A production company known for its bloody underground wrestling spectacles is taking its shows to bigger audiences at mainstream venues, and, for the first time ever, playing by state wrestling rules.
Wrestlers had been flown in from Vegas, Texas, North Carolina and more to perform at the New Fear City event. Photo: Jonathan Mora for BK Reader.

The "borderline freak-show attraction" of death match wrestling has come out of the shadows of New York City garages and punk bars to meet a new audience in Brooklyn, with a blood-free version of the event.

Professional wrestler Casanova Valentine — large, long-haired and tattooed — is the man behind New Fear City, a production company known for putting on underground "no ring" death match wrestling shows: Brutal and bloody spectacles where objects like nail-studded props, glass and barbed-wire are allowed.

Wrestler Casanova Valentine backstage at a New Fear City event at Brooklyn Monarch. Photo: Jonathan Mora for BK Reader
Wrestler Casanova Valentine backstage at a New Fear City event at Brooklyn Monarch. Photo: Jonathan Mora for BK Reader.

The shows are typically held in underground music venues or garages alongside bands and other performers.

As wrestling is strictly regulated in New York State, Valentine has previously avoided the Athletic Commission's purview by classifying the underground events as performance art, he said.

However, this past Friday — looking to make the experience accessible to more people — New Fear City held its first "fully legal" wrestling entertainment show at the Brooklyn Monarch. The show was signed-off on by the Athletic Commission, and met all state regulations, including having medics on hand.

"Even though I don't like to jump the hurdles, I think it was worth it to make something cool," Valentine told BK Reader, in a husky rasp, ahead of the show.

While featuring bikini-clad dancers, horror-inspired costumes and the avant-garde characters of the original shows, there would be no nails, no glass and no blood for the event, which was contained in a ring on a stage.

"Unfortunately, this is going to be just fun entertainment, we’ll leave the bloody stuff for another time," Valentine said.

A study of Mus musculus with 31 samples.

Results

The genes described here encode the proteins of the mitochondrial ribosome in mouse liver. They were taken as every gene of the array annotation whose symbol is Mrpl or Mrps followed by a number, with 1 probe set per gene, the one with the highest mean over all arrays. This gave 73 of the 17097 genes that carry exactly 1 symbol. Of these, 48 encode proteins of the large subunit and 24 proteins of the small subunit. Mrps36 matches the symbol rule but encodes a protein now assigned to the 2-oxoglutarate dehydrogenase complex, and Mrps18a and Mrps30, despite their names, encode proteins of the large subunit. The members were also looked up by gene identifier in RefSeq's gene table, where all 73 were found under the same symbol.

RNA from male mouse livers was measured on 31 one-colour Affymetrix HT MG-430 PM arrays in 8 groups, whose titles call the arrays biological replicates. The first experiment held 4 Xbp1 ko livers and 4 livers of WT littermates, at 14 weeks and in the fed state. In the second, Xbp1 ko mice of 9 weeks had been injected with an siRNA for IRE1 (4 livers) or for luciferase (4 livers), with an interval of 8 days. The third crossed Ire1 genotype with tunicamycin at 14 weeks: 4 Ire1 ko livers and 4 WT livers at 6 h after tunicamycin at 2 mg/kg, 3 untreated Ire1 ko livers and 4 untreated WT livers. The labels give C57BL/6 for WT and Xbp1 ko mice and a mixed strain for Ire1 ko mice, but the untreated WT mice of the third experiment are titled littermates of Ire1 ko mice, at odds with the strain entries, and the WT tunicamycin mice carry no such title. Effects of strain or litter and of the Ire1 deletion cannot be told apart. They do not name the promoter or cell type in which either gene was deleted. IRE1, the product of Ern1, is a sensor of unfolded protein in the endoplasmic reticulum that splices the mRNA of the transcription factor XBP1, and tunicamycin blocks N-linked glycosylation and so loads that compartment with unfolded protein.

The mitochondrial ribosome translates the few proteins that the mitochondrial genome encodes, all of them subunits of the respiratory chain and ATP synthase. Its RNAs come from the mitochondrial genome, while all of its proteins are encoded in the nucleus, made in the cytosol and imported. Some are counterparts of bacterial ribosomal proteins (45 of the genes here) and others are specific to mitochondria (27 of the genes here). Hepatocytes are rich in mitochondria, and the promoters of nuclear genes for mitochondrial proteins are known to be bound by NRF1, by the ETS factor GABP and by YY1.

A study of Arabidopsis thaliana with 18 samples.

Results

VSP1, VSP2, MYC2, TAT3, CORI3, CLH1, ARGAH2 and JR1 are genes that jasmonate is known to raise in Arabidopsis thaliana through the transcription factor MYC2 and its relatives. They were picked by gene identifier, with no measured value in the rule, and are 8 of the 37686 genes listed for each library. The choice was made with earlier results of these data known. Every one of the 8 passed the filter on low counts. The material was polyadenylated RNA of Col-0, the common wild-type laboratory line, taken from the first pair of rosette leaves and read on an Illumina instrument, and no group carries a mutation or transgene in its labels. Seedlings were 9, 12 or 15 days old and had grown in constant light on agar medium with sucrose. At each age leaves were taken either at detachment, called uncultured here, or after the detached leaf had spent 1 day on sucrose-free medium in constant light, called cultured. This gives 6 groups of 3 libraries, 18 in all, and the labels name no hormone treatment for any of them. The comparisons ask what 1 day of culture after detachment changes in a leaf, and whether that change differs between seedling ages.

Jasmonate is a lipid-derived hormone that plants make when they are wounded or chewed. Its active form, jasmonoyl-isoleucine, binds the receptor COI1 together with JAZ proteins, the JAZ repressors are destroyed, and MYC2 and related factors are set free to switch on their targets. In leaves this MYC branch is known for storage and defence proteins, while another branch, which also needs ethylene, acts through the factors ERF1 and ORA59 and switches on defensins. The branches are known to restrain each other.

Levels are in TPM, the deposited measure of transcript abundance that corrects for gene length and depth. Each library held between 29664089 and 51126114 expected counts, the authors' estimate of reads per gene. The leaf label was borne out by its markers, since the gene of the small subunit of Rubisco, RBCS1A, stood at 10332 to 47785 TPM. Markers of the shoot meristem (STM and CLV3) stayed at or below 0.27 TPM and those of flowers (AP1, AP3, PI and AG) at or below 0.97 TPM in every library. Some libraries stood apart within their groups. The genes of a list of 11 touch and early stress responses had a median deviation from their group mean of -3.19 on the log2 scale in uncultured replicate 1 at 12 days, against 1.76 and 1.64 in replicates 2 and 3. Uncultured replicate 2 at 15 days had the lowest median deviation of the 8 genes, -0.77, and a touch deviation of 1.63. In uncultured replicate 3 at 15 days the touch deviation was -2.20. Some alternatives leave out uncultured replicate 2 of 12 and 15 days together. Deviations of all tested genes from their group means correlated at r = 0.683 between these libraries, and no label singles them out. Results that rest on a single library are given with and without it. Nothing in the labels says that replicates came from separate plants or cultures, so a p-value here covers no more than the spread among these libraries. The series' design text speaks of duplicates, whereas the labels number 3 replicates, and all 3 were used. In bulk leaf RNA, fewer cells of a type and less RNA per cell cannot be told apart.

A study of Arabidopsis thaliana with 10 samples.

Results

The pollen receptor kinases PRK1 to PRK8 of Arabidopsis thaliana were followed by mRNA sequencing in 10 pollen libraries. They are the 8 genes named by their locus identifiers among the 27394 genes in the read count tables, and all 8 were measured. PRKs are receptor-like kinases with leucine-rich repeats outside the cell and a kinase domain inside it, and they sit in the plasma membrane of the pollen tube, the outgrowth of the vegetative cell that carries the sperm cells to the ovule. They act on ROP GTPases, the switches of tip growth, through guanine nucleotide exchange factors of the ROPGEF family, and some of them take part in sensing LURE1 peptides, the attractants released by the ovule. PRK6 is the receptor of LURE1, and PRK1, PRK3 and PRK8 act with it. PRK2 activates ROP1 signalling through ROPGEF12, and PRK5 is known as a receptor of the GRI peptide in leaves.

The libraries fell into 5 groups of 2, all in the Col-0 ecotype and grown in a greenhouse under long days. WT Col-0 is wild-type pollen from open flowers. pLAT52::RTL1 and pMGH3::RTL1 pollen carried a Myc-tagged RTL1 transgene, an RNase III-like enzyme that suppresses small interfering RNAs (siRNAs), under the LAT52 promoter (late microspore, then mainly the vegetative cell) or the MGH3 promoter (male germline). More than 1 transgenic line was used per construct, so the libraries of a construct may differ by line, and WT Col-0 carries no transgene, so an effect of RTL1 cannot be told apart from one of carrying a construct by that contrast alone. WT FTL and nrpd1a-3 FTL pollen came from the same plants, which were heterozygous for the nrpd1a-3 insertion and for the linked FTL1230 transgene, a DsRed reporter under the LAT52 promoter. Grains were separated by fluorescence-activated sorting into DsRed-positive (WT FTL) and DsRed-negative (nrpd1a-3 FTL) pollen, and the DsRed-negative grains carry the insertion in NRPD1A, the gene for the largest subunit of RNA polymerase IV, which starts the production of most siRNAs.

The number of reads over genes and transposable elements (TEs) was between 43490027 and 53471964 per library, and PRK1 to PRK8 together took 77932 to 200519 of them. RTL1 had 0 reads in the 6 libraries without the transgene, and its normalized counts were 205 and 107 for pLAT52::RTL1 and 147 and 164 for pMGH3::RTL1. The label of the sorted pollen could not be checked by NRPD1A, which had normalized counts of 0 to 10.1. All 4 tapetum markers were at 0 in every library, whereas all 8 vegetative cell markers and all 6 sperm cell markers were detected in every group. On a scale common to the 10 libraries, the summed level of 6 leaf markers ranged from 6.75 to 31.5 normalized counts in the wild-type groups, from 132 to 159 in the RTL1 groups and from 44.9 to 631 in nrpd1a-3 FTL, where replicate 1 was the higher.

Nearly 200 people packed the main room at Brooklyn Monarch ahead of the first bell, which saw pigtailed Texan wrestler Allie Katch go head-to-head with slick-haired New Yorker Gabriel Skye.

The crowd roared in appreciation as Katch slammed both rear cheeks into Skye's face while he sat slumped against the ring.

Just like WWF wrestling, the hits are glancing and intended to entertain, not maim, but the wrestlers are athletic, flying and throwing each other around the ring with impressive strength.

The audience was there for it, and would collectively suspend any disbelief to get behind the storylines playing out on stage -- whether it was a big Santa who has ripped his pants in a sandal-slapping duel with a bull-masked, dad-shoe-wearing opponent, or a Texan cowboy with braids getting thrown through a commission-approved door.

"They're very fun and exciting," ring commentator Jericho Davidson told BK Reader. Davidson first met Valentine when his band played at one of his "no ring" shows in about 2016. Davidson has been to pretty much every show since.

"It’s almost like a borderline freak show attraction," Davidson said of the shows he'd been to in the past.

"It can be violent, I guess, perceived violence — lots of blood and things breaking — it’s all part of the show."

The show attracted several regulars among an eclectic crowd that was heavy on bearded and long-haired men. Many came in character themselves, and would only give BK Reader their aliases.

Loud and leather-vested, Cowboy Lou said it was his first time at a New Fear City production. He usually watched mainstream WWE-type shows held in arenas and stadiums, or minor-league wrestling that was typically held in churches.

"I saw in advance that they were going to have live music and go-go dancing," he explained.

Mike "Mittens" McNicholas was a regular at death match shows, and said he loved how unique the no-ring New Fear City productions were, which he likened to the film "Fight Club."

"Everyone’s in a circle, it’s like low-key and raw and violent, and everyone messes each other up and everything. It’s great!"

Nymph the Enchantress. Photo: Jonathan Mora for BK Reader.
Nymph the Enchantress. Photo: Jonathan Mora for BK Reader.

Performance artist Nymph the Enchantress told BK Reader she was a huge fan of New Fear City's previous shows and was supporting those in the ring, hoping to be in it herself one day.

She said the first show Athletic Commission-approved show at Brooklyn Monarch was "a pretty big deal," even though it wouldn't feature the blood and gore she was used to. "It will be contained chaos, unfortunately," she laughed.

Meanwhile, Valentine said he hoped the sanitized New Fear City wrestling matches would take off in Brooklyn and beyond. The professional wrestler, who is covered in scars, was also looking to build a sustainable future for himself.

The crowd was rowdy. Photo: Jonathan Mora for BK Reader.
The crowd was rowdy. Photo: Jonathan Mora for BK Reader.

"I wish my gimmick was, 'balanced breakfast full night sleep guy,' because the 'bar fight guy' is getting pretty tired," he laughed. Valentine has been wrestling professionally for 10 years, and still travels and does no ring shows with nails, glass and blood frequently.

"No ring [wrestling] can only grow so much, and I want to grow this," he said.

"My life is very fun and very rewarding. Listen, it's been fun to be a punker and do my DIY events. But I'm 36, I probably have four years left of wrestling, it would be nice to make some money. Let’s try to grow it a little bit."

Jessy Edwards

About the Author: Jessy Edwards

Jessy Edwards is an award-winning news and feature reporter whose work can be seen in such publications as NBC New York, Rolling Stone, the BBC, CNBC and more.